Israelis will go to the polls in February
In February we, too will elect a new leader. After the resignation of Ehud Olmert, whose administration will go down in history as one of the most unfit and injurious in Israel’s short existence, Foreign Minister Tzipi Livni (below) was given the commission to put together a new governing coalition.
Israel has a parliamentary system of government. That means that you vote for the party not the person. The party, in this case Kadima, with the most seats in the Knesset (Parliament), has the task of wooing other smaller parties to partner with them in forming a government. A coalition must make up at least 61 seats of the 120-seat Knesset
The problem with this is, that at any time one of your coalition partners can leave the government, leaving you with less than 61 seats, thus causing the government to collapse. In addition, the smaller parties, usually religious, demand huge sums of money from the government budget, in order to join a coalition. The good part is that many more interests are represented in the government, not just two as in the U.S. In Israel you can have a party that is solely dedicated to one subgroup of people. For instance, in the last election a party that won several seats was comprised solely of retirees. Several years ago there was an immigrants party, fighting for the rights of the million immigrants from the former Soviet Union.
In these coming Elections, there are two parties that are virtually tied in the polls.
Kadima (Forward) is the party Ariel Sharon created. He established it when he made the decision to give away Gaza to the Palestinian Authority and Hamas, with nothing promised in return. In Israel, we called it hitnatkoot, or the disengagement. There were many in his right of center party (Likud) that would not go along with him, so he formed a centrist party called Kadima. Many Likudniks departed with him and many from the left joined in as well.
It is interesting to note a story that I recently heard. A young female politician came to see Sharon when he was proposing the disengagement from Gaza. He was like a grandfather to her. She sat in his lap and cried, pleading with him not to give up Gaza.
Tzipi Livni has replaced Olmert as leader of Kadima and the popularity of the party has risen dramatically. Olmert’s approval numbers were under 10%. Livni is young, fresh and honest in a sea of scandal-ridden male politicians. Sadly, she is willing to divide up Jerusalem, giving half to the Palestinian Authority in exchange for ‘peace’.
The other party is Likud. Benjamin Netanyahu has led Likud since Sharon’s departure. Netanyahu claims that he will not give up Jerusalem under any circumstance and for years has said he will make no compromise with the P.A. without reciprocity (getting something in return).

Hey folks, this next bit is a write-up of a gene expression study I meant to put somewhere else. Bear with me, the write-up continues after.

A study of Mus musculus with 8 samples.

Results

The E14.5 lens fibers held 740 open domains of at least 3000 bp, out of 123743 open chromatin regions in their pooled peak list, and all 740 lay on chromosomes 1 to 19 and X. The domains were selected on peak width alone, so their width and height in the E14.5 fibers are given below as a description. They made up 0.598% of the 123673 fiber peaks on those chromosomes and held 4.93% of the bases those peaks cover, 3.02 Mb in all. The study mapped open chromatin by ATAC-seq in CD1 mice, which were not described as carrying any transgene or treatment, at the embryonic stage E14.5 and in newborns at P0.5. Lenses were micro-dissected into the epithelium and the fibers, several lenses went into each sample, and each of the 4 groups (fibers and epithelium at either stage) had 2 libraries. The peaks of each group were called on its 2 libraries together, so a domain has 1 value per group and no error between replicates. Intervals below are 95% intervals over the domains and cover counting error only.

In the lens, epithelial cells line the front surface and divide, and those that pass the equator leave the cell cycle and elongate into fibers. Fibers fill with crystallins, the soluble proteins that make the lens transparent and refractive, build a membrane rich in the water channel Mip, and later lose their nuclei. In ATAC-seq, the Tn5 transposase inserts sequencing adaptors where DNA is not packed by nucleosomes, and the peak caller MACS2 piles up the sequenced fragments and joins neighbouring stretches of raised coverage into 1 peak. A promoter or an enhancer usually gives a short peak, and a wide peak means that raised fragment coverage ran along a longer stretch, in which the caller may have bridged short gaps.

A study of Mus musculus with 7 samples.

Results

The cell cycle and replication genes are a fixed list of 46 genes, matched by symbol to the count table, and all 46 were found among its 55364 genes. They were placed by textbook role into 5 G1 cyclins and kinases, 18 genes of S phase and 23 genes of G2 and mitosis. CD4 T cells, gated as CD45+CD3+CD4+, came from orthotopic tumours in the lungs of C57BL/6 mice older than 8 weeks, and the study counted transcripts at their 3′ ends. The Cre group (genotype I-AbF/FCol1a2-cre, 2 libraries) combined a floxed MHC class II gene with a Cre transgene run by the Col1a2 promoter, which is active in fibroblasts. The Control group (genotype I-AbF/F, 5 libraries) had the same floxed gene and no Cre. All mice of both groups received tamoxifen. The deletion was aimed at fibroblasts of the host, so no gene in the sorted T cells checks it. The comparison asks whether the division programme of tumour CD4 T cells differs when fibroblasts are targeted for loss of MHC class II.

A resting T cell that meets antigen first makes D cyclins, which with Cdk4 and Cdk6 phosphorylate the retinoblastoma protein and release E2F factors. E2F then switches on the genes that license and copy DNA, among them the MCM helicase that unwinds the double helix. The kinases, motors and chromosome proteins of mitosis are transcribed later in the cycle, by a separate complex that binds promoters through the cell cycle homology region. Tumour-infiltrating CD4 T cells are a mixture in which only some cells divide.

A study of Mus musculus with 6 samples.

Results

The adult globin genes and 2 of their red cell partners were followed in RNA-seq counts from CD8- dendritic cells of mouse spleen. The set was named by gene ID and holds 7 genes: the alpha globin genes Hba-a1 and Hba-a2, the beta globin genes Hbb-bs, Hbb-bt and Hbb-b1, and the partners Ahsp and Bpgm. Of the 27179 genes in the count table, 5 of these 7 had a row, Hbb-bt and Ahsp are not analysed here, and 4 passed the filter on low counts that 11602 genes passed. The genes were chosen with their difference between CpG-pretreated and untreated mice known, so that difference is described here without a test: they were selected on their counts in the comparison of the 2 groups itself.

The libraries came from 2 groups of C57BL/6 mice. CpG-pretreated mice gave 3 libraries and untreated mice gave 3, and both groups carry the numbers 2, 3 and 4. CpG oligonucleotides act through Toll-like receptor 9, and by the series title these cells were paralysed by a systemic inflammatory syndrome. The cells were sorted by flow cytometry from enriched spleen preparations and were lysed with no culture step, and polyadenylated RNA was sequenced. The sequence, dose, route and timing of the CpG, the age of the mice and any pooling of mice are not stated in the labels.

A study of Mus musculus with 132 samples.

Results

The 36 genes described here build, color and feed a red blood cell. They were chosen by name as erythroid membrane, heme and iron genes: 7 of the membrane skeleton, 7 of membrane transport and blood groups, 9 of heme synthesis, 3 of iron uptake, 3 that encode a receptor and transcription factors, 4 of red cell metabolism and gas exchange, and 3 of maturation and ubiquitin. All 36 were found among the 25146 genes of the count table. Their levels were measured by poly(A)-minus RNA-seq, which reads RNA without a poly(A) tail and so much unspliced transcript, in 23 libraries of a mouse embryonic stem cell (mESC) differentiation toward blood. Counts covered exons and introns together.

Evangelicals love Netanyahu, often citing that his name means gift of God. Ever since the Gulf War where he was on CNN nightly with his handsome looks and perfect English, believers have adored him. And make no mistake, politically speaking he does have Israel’s best interest at heart. Not only is he NOT keen on giving away land, but he also embraces capitalistic principles in a country that still has many socialist tendencies. While serving as Sharon’s finance minister earlier this decade, he was credited with revitalizing an economy that has been devastated by terrorism.
Nevertheless, Israelis don’t have the same respect for him as many Bible-believing Christians. Over here he is seen as a typical, egotistical politician.
Bibi’s (Netanyahu nickname)first attempt at leading the country (1996-99) saw an increase in terrorism and the breaking of promises not to give in to P.A. demands until they fulfilled their obligations under the former
All these and more led to his dismissal when he lost reelection to Ehud Barak, who now, once again, leads the left wing, socialist Labor Party. He too is running for Prime Minister, but polls have him and his Labor party way behind.
Politics in general is a messy business. There is a powerful demonic spirit of lust for power that often takes over unless one fights against it. Most don’t and end up compromising on so many levels to hold onto power. In the U.S., Senator Ted Stevens, an 84-year-old veteran of the Senate, was convicted on seven counts of making false statements. He could face 35 years in prison. He was urged by friends and foes to step down. Instead he ran for reelection…and won. It is hard to let go of all that power. All over Africa we see corrupt leaders like Robert Mugabe in Zimbabwe who refuse to let go of power, despite being well-advanced in years and even losing the last election.
Israeli leaders are not immune to such temptations. Elana has befriended a young lady who will most likely be in the next Knesset. She went with her on a tour around the southern cities of the country yesterday where there were several rallies for Likud. She came home and told me how cruel many of the candidates were to each other—IN THE SAME PARTY!—because they are all fighting for cabinet positions and a high ranking on the party list. (If you party wins ten seats, then only the top ten people in the party go to the Knesset. So if you are number eleven, you don’t get in.)
More than anything we want a leader that will protect the security of our country. As you pray for our elections, please pray:
That God will give us the leader He is voting for.
That our next leader will be humble in handling power.
That he or she will be bold in relationship with other countries, including the Unites States.
That he or she will seek the Lord in earnest for guidance.